Assembly Primer Parts 6 — Moving Data — ARM

My notes for where ARM differs from IA32 in the Assembly Primer video Part 6 — Moving Data.

(There is no separate part 5 post for ARM — apart from the instructions, it’s identical to IA32. There’s even support for the .bss section, unlike SPU and PPC)

Moving Data

We’ll look at MovDemo.s for ARM. First, the storage:

.data

    HelloWorld:
        .ascii "Hello World!"

    ByteLocation:
        .byte 10

    Int32:
        .int 2
    Int16:
        .short 3
    Float:
        .float 10.23

    IntegerArray:
        .int 10,20,30,40,50

It’s the same as for IA32, PPC and SPU. Like the first two, ARM will cope with the unnatural alignment.

1. Immediate value to register

.text
.globl _start
_start:
    @movl $10, %eax

    mov r0, #10

Move the value 10 into register r0.

Something to note: the ARM assembly syntax has some slightly differences. Where others use # to mark the start of a comment, ARM has @ (although # works at the start of a line). Literal values are prefixed with #, which confuses the default syntax highlighting in vim.

2. Immediate value to memory

    @movw $50, Int16

    mov r1, #50
    movw r0, #:lower16:Int16
    movt r0, #:upper16:Int16
    strh r1, [r0, #0]

We need to load the immediate value in a register (r1), the address in a register (r0) and then perform the write. To quote the Architecture Reference Manual:

The ARM architecture … incorporates … a load/store architecture, where data processing operations only operate on register contents, not directly on memory contents.

which is like PPC and SPU, and unlike IA32 — and so we’ll see similarly verbose alternatives to the IA32 examples from the video.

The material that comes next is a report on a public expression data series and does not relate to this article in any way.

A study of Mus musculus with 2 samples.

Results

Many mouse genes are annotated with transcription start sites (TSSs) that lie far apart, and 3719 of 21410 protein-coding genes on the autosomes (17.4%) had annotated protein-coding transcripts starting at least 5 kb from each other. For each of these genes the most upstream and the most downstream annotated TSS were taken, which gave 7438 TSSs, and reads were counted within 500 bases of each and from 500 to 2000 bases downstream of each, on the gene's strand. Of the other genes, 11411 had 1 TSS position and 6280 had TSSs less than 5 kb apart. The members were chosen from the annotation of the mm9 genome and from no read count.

I’m using movw, movt sequence to load the address, rather than ldr (as mentioned in the previous installment).

strh is, in this case, Store Register Halfword (immediate) — writes the value in r1 to the address computed from the sum of the contents of r0 and the immediate value of 0.

3. Register to register

    @movl %eax, %ebx

    mov r1,r0

mov (Move) copies the value from r0 to r1.

4. Memory to register

    @movl Int32, %eax

    movw r0, #:lower16:Int32
    movt r0, #:upper16:Int32
    ldr r1, [r0, #0]

Load the address into r0, load from the address r0+0. Here ldr is Load Register (immediate).

5. Register to memory

    @movb $3, %al
    @movb %al, ByteLocation

    mov r0, #3
    movw r1, #:lower16:ByteLocation
    movt r1, #:upper16:ByteLocation
    strb r0, [r1, #0]

Once again the same kind of thing — load 3 into r0, the address of ByteLocation into r1, perform the store.

6. Register to indexed memory location

    @movl $0, %ecx
    @movl $2, %edi
    @movl $22, IntegerArray(%ecx, %edi, 4)

    movw r0, #:lower16:IntegerArray
    movt r0, #:upper16:IntegerArray
    mov r1, #2
    mov r2, #22
    str r2, [r0, r1, lsl #2]

A little more interesting — here str is Store Register (register) which accepts two registers and an optional shift operation and amount. Here lsl is logical shift left, effectively multiplying r1 by 4 — the size of the array elements.

(GCC puts asl here. Presumably identical to logical shift left, but there’s no mention of asl in the Architecture Reference Manual. Update: ASL is referenced in the list of errors here as an obsolete name for LSL)

Two source registers and a shift is still shy of IA32’s support for an calculating an address from a base address, two registers and a multiply.

7. Indirect addressing

    @movl $Int32, %eax
    @movl (%eax), %ebx

    movw r0, #:lower16:Int32
    movt r0, #:upper16:Int32
    ldr r1, [r0, #0]

    @movl $9, (%eax)

    mov r2, #9
    str r2, [r0, #0]

More of the same.

Concluding thoughts

In addition to the cases above, ARM has a number of other interesting addressing modes that I shall consider in more detail in the future — logical operations, auto-{increment, decrement} and multiples. Combined with conditional execution, there are some very interesting possibilities.

Other assembly primer notes are linked here.